Will governor's race be doubly negative?

July 15, 2002|By Richard E. Vatz

How ugly can or will the Robert Ehrlich-Kathleen Kennedy Townsend gubernatorial race get?

As Kathleen Hall Jamieson, dean of the University of Pennsylvania's Annenberg School for Communication, has pointed out, from the very beginning American political campaigns have employed strategies which "vilified" opponents. In fact, how could it be otherwise?

In order to argue that voters should support one individual over another, one must argue that the candidate is an exceptional choice and that the candidate is a better choice because of deficiencies in his/her opponent.

This means that "negative campaigning" is simply impossible to avoid if one is to successfully compete in a close election, yet the polls consistently show that up to 80 percent of the American public deplores "negative campaigning" and "negative political advertising." They disagree more about whether particular campaigns were dominated by negative campaigning.

Thus, there is no consensus on what constitutes negative campaigning, especially as that term suggests "unethical" campaigning. There is little agreement on what is irrelevant (business practices?) or unfair (divorce record?) in a campaign, partly because people's tolerance for nasty messages is often a function of whether they support the candidate who is the object of such messages.

Moreover, the conventions of political campaigning allow also for tough disapproval and exaggeration. Two slogans come to mind: Harry Truman's "If you can't stand the heat, get out of the kitchen" and the observation by Mr. Dooley, the political sage-Irish barkeep created by Finley Peter Dunne, that "politics ain't beanbag."

That said, there are lines that negative criticism should not cross, mainly for ethical reasons -- but for practical reasons, too. Good government relies on the perception that its leaders have gained office legitimately.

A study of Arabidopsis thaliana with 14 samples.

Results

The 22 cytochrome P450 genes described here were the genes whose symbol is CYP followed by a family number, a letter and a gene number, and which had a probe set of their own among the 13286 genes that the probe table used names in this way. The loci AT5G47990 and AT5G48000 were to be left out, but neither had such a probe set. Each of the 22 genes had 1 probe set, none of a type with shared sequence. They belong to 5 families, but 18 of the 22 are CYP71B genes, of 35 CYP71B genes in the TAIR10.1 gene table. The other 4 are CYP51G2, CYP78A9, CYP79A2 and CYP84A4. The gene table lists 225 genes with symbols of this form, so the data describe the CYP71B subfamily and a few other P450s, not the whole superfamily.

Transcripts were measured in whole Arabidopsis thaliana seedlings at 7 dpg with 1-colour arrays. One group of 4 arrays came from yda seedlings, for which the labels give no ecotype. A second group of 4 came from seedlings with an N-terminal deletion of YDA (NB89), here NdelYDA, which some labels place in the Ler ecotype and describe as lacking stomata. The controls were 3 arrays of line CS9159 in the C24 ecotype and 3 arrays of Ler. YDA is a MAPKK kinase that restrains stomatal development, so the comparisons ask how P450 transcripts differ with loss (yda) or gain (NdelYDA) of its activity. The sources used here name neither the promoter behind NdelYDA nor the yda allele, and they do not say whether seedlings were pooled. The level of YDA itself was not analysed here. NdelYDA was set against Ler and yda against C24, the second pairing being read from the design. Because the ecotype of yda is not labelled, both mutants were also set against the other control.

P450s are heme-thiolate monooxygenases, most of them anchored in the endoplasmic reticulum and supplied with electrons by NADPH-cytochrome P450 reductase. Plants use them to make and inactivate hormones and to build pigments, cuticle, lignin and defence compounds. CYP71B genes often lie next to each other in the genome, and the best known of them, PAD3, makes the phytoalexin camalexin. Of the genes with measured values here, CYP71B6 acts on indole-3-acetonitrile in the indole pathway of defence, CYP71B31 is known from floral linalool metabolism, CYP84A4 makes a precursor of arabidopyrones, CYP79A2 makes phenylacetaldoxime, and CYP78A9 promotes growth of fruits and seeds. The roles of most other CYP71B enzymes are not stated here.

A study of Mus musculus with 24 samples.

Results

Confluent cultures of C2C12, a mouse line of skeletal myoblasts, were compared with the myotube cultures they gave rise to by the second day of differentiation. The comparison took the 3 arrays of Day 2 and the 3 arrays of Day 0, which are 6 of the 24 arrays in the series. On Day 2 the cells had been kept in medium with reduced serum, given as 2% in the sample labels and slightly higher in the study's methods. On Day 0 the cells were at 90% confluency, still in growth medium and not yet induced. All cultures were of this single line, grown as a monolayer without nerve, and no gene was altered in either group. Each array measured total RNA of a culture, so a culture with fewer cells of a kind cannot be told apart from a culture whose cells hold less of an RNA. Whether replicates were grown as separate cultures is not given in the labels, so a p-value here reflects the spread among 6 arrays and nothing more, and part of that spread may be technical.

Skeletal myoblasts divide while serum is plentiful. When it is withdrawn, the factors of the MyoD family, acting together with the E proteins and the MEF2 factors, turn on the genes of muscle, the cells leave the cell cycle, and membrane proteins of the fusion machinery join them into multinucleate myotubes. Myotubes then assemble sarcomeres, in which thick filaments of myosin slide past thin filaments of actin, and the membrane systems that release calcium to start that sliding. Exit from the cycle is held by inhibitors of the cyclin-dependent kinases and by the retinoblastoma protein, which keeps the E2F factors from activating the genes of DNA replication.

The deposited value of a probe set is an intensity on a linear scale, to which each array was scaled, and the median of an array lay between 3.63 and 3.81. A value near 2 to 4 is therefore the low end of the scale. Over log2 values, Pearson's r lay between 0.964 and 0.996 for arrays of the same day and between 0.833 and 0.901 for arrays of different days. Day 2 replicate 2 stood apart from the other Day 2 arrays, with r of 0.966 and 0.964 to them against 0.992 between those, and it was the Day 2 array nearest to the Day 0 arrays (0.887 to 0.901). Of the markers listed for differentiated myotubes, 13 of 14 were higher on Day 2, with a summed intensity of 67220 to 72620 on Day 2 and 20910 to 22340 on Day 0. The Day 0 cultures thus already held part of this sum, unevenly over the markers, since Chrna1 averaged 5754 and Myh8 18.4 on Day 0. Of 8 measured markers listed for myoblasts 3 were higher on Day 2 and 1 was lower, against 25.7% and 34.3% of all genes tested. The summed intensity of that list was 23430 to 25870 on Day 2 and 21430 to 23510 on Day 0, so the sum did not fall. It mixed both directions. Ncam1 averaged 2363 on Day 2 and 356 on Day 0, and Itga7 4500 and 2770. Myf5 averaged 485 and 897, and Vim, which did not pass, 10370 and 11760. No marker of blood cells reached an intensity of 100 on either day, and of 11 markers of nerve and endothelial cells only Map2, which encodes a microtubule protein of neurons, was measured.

The American Association of Political Consultants sports a code of ethics that, among other things, pledges that consultants (and by implication their candidates) will "refrain from false or misleading attacks on an opponent ... and will use no appeal to voters' racism [or] sexism."

Let's apply these reasonable criteria to just a couple of points that have or will come up in the current gubernatorial campaign and see what they imply for ethical campaigning in the gubernatorial race:

Issue: Mr. Ehrlich's votes as a member of the House of Representatives. This is legitimate. There are complexities to their consideration, such as the horse trading that all of those involved in legislative processes must consider (i.e., to get "x" bill passed, you often have to support "y" policy whether you like it or not), but there is no reason that Democrats cannot bring up such matters. Republicans can note that Ms. Townsend has not cast any votes.

Issue: Ms. Townsend and Mr. Glendening's policies. This is legitimate. Ms. Townsend was and is part of an administration, and her implicit support of its practices regarding, for example, growth of state government, tax policy and the criminal justice system can be inferred and responsibility can be assigned to her. Any waffling on issues is also legitimate grist for either opponent.

Issue: Mr. Ehrlich's association with Newt Gingrich. This is the classically unfair guilt-by-association gambit. Mr. Ehrlich is not responsible for the dislike people have for Mr. Gingrich, but he is responsible for policies he (Mr. Ehrlich) supports regardless of whether they are tied to the former House speaker.

Issue: Ms. Townsend's inarticulateness and gaffes. This is a point that may well be considered by voters, but it is not legitimate as an issue.

If Ms. Townsend is unable to articulate her position on political issues, that would be legitimate fodder for criticism.

The first rule of effectiveness in negative campaigning and advertising is that such negativism has virtually no effect on candidates with stable support. The current gubernatorial campaign is the perfectly unstable campaign in which negativism will be quite consequential.

The hope is that the public's sense of fairness will reject unfair and inaccurate negative campaigning. The history of negative campaigning, however, militates against that hope.

Richard E. Vatz teaches political rhetoric at Towson University.